Ceramics Monthly: How do the historical ceramic traditions of Grottaglie play into the process and concept of your contemporary ceramic work?
Giorgio di Palma: My works are more related to an era than a territory. They bring us back to the 1970s, ‘80s, and ‘90s. Behind the aesthetic and under the glazes hides a strong connection with Grottaglie, my hometown in southern Italy. The city has always been producing functional ceramic items, but in the 1950s plastic—then a synonym for progress—changed our taste and needs, undermining a time-tested system.
My choice was to remove the functionality but maintain the typical materials and techniques of my motherland: terra cotta and a low temperature. My challenge is to make art with terra cotta in the ceramic world where the higher the firing temperature, the higher the value of a piece.
CM: What do the local potters you work with think of your (often humorous and cheeky) tromp l’oeil pieces?
GP: Grottaglie is an incredible place. The Fame Festival began here several years ago and was the first and one of the first and most important street art festivals in Italy. Thanks to the festival, I could make my first street installation in 2011 in Grottaglie.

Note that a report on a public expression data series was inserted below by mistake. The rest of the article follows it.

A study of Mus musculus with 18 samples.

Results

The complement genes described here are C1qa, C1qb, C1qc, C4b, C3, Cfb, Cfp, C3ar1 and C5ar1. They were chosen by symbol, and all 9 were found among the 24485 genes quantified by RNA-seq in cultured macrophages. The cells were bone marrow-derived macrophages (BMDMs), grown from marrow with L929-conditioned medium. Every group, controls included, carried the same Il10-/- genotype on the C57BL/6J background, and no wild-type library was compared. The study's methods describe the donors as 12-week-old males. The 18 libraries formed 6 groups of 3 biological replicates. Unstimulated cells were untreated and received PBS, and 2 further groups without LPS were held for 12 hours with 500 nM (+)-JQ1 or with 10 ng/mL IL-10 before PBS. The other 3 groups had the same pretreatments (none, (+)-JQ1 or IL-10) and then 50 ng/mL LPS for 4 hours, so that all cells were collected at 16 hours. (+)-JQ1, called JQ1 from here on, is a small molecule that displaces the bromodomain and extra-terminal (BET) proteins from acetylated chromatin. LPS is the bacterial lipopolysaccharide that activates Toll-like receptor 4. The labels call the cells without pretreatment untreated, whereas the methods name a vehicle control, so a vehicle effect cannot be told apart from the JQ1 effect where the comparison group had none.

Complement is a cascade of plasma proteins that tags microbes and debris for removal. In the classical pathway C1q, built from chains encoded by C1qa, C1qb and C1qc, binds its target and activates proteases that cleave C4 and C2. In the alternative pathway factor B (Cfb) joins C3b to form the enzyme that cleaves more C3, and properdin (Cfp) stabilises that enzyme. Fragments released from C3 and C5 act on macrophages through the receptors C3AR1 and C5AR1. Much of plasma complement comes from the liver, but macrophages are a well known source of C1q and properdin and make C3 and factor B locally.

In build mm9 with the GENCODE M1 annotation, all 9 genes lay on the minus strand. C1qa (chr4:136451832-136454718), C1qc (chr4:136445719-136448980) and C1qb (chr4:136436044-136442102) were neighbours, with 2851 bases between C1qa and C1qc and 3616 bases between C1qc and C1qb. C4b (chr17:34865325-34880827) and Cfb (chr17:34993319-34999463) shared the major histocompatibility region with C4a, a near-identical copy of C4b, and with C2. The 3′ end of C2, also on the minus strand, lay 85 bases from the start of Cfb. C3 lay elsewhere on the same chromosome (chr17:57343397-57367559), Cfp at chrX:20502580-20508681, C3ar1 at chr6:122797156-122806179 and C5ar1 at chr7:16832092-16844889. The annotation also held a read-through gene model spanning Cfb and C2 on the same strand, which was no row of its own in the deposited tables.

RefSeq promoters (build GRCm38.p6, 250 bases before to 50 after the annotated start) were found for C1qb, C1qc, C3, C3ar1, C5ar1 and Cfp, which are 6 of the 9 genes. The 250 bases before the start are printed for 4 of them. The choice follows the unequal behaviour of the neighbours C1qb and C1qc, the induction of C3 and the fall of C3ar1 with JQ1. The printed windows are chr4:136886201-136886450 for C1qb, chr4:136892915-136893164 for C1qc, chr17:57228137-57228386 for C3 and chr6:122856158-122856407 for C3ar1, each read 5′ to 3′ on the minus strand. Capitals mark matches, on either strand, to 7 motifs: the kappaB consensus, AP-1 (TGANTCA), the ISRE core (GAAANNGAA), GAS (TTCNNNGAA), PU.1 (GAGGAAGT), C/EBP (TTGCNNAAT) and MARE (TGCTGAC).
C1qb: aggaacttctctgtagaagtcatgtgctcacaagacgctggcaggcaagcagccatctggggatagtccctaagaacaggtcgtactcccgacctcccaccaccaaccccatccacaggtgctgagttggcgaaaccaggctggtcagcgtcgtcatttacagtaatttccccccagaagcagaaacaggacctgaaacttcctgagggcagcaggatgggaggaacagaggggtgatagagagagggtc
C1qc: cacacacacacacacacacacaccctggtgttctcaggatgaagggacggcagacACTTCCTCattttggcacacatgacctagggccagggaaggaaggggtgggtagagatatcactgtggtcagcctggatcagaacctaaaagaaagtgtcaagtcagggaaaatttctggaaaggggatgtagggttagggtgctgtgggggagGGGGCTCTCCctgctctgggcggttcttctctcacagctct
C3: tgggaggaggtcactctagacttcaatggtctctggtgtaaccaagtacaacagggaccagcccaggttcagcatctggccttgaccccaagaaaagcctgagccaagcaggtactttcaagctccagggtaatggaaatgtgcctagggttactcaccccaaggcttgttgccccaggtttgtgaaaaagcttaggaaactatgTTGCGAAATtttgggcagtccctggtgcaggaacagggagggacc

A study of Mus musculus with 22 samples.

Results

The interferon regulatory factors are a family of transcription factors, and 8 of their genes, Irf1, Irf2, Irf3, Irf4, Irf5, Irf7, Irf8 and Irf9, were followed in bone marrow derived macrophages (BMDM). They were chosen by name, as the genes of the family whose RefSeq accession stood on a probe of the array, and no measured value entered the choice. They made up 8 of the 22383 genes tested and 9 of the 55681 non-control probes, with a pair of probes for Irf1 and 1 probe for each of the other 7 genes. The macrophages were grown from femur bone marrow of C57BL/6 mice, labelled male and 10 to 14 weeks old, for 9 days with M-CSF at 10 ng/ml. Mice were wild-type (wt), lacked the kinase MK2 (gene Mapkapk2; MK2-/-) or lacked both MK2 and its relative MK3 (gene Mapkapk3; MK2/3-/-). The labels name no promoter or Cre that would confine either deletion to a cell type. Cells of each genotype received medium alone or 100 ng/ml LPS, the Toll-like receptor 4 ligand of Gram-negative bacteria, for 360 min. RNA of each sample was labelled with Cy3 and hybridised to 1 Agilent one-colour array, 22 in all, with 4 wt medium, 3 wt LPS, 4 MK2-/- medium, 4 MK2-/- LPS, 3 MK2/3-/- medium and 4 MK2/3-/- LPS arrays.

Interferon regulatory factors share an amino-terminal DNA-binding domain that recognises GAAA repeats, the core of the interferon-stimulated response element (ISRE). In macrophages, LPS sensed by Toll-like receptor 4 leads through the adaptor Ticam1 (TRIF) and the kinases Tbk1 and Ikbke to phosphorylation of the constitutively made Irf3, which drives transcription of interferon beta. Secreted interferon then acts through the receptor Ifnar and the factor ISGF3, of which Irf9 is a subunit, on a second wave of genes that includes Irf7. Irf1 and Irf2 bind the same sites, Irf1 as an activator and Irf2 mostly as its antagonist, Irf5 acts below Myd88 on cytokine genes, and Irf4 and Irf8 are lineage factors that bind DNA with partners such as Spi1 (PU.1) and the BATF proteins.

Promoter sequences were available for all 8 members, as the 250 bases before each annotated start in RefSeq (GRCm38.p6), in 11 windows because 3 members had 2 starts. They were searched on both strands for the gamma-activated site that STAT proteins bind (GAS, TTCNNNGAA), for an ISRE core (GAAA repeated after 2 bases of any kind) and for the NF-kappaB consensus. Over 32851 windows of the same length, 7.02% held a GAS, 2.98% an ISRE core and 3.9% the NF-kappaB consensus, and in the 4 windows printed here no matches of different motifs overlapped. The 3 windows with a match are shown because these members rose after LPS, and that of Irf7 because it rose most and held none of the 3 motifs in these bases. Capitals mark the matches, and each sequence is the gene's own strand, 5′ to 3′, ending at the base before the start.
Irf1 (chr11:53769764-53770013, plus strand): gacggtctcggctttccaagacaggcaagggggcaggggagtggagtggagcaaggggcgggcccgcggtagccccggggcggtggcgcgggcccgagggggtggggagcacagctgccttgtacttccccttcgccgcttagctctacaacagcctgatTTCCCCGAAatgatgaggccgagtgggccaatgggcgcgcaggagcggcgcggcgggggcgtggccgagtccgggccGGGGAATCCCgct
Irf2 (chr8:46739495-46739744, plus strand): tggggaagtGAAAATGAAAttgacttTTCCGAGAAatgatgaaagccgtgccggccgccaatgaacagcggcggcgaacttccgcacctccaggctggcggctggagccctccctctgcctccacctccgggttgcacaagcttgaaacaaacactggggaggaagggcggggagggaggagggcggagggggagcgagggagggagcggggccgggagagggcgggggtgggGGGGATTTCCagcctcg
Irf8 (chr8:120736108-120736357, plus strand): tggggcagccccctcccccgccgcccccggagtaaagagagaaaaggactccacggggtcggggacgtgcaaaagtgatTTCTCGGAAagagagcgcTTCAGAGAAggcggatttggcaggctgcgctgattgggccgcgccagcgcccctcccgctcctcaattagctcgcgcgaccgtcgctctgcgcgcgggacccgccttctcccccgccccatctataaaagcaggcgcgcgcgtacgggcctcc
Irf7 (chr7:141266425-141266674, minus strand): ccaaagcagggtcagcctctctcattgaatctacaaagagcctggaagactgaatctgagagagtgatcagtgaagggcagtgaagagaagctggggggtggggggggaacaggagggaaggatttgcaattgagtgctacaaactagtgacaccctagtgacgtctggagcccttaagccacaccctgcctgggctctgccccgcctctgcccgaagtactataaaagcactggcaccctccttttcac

Nowadays, there are many artisans in Grottaglie who deeply know what I do and actively support it. For example, I do not have the same experience and ability of some local potters who have been throwing on the wheel for many years. They like to work with me as I continually ask for new forms and sizes different from the clay containers they usually create. But, from the other side, there are potters who see pieces of installations and miss the message. It is awful, especially when they recreate some of my sculptures to sell to their customers as the perfect wedding gift, for the sole purpose of earning money.
CM: When you make work and install it in public, you must interact with curious passersby. Are there any reactions to your work you remember in particular?
GP: Some of my art installations are in my city, but many others are far away. My work ends when the installation is done and the picture is taken. From that moment on, the work doesn’t belong to me anymore, but to the community.
I am always curious to receive news regarding people interacting with my installations. Once, in Sicily, some kids saw my ceramic soccer ball stuck on a lamppost. Helped by an elder, they used a stick to try to bring it down to play with. Of course, they broke it. In Grottaglie, one of my fake surveillance cameras was destroyed by someone who was afraid of having been filmed while they were dumping waste on the street. In any case, I never replace broken work because I think it is an unrepeatable creative event linked to a particular moment and environment over time.